Georgia Patients Denied Recovery For Medical Malpractice

Georgia medical malpractice cases have become increasingly difficult to bring as the legislature enacts more and more restrictive laws. A fact which many do not know is that patients injured by highly negligent actions in Georgia emergency departments have no right of recovery. This is due legislation which established a gross negligence standard which governing the actions of emergency room personnel.
This standard has been interpreted by the Georgia courts as requiring almost intentional conduct.
The extreme unfairness of this law is illustrated by a recent incident occurring at a VA hospital in Missouri. The VA hospital is under fire because it may have exposed more than 1,800 veterans to life-threatening diseases such as hepatitis and HIV.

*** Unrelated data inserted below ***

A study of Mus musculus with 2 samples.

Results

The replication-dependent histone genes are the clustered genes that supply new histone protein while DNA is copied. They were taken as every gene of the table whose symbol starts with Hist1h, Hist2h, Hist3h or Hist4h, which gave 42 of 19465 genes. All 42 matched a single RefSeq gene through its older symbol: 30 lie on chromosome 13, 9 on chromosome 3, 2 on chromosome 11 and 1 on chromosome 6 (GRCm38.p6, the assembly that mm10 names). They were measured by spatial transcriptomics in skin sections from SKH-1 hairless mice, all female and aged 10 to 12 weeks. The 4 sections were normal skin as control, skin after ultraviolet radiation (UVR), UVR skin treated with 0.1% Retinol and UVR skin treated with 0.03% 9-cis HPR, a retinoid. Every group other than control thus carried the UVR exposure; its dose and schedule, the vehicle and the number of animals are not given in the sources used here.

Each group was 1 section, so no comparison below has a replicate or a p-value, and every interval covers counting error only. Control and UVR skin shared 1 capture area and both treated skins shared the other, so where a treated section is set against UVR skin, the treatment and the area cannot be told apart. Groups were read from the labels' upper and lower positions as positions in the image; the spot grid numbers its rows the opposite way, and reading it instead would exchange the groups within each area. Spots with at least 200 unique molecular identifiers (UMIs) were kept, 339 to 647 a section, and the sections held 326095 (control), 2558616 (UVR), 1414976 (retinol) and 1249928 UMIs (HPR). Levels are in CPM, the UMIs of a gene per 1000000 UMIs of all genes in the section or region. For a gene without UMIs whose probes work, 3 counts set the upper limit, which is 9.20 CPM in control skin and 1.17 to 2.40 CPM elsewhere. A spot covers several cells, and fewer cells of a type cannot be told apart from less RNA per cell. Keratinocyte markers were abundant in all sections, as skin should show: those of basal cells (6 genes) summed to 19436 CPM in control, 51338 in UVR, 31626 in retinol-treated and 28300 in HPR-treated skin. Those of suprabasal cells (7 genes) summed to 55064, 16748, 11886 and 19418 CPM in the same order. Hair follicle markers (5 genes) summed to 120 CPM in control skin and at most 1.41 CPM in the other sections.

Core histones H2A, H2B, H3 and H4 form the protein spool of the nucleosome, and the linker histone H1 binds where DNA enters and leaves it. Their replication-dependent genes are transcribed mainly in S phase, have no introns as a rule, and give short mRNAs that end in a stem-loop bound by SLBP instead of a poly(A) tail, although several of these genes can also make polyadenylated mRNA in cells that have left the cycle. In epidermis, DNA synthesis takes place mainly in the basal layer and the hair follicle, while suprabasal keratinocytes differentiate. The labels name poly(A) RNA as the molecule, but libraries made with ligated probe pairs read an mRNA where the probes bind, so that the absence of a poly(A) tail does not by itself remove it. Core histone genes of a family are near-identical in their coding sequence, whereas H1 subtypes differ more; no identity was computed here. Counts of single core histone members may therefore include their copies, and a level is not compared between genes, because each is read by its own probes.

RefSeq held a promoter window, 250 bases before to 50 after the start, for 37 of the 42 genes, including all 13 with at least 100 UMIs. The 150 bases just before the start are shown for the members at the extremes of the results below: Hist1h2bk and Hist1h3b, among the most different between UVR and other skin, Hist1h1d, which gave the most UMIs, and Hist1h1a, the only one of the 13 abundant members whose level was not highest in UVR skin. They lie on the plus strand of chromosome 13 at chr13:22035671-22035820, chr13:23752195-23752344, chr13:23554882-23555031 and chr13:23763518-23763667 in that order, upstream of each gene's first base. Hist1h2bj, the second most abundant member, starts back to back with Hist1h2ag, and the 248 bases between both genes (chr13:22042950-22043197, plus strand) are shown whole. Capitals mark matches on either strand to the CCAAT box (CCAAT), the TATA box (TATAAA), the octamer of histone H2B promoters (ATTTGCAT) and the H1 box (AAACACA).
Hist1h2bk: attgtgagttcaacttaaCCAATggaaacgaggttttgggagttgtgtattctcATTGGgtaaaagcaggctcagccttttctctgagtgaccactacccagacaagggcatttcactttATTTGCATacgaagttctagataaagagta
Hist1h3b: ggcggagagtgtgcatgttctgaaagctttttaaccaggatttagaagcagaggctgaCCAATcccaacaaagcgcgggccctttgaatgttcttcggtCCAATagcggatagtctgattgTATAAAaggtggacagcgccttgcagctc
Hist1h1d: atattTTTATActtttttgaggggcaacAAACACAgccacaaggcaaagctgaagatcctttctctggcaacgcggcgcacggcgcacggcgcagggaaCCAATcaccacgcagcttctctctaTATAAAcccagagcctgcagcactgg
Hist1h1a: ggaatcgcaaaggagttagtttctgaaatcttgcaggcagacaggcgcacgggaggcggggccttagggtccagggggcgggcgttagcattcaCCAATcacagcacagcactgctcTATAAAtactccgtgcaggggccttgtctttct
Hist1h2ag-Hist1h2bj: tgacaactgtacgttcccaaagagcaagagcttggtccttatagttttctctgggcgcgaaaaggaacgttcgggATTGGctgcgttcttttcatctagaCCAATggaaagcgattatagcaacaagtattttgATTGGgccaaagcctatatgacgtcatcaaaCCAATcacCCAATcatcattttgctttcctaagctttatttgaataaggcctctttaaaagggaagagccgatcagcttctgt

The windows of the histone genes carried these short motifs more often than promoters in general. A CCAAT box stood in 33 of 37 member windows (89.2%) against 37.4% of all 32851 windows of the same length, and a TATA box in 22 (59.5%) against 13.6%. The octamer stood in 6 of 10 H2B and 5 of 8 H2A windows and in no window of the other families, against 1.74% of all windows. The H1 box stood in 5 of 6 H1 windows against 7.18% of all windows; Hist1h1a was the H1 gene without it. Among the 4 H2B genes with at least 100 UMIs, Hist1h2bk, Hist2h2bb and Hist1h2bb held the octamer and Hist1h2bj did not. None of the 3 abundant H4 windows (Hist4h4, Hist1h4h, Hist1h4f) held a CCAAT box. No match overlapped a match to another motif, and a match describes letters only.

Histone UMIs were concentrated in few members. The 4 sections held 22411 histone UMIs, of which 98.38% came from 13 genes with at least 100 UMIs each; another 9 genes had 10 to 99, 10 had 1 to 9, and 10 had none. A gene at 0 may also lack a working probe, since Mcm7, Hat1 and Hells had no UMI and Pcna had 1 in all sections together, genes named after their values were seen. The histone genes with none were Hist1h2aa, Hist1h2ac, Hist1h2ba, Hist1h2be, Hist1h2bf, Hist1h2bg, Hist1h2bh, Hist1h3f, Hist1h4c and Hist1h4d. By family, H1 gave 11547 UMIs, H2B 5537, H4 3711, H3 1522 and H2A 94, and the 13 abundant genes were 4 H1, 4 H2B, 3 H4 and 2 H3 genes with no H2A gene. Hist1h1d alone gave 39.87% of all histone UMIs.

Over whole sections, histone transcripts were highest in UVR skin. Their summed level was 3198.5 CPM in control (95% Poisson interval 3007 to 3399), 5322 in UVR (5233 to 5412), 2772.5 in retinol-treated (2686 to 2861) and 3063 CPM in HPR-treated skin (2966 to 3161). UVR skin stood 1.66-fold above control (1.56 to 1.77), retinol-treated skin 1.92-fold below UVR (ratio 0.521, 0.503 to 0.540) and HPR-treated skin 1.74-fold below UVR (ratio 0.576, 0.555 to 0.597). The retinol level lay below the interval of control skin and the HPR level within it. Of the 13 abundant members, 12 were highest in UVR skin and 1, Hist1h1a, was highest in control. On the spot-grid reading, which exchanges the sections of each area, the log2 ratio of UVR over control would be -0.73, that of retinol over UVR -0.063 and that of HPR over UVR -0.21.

The John Cochran VA Medical Center in St. Louis recently mailed letters to 1,812 veterans telling them they could contract hepatitis B, hepatitis C and human immunodeficiency virus (HIV) after visiting the medical center for dental work.
The alert was caused by the failure to clean dental instruments properly. According to reports, dental technicians broke protocol by handwashing tools before putting them in cleaning machines.
The instruments were supposed to only be put in the cleaning machines. The handwashing started in February 2009 and went on until March of this year.
A similar event occurred recently at a California hospital which was forced to send letters to 3,400 patients who underwent colonoscopy and other similar procedures, informing the patients that there may be a potential of infection from items used and reused in the procedures.
This misconduct is totally unacceptable, yet in Georgia, patients exposed to these deadly diseases in an emergency room setting have no recourse.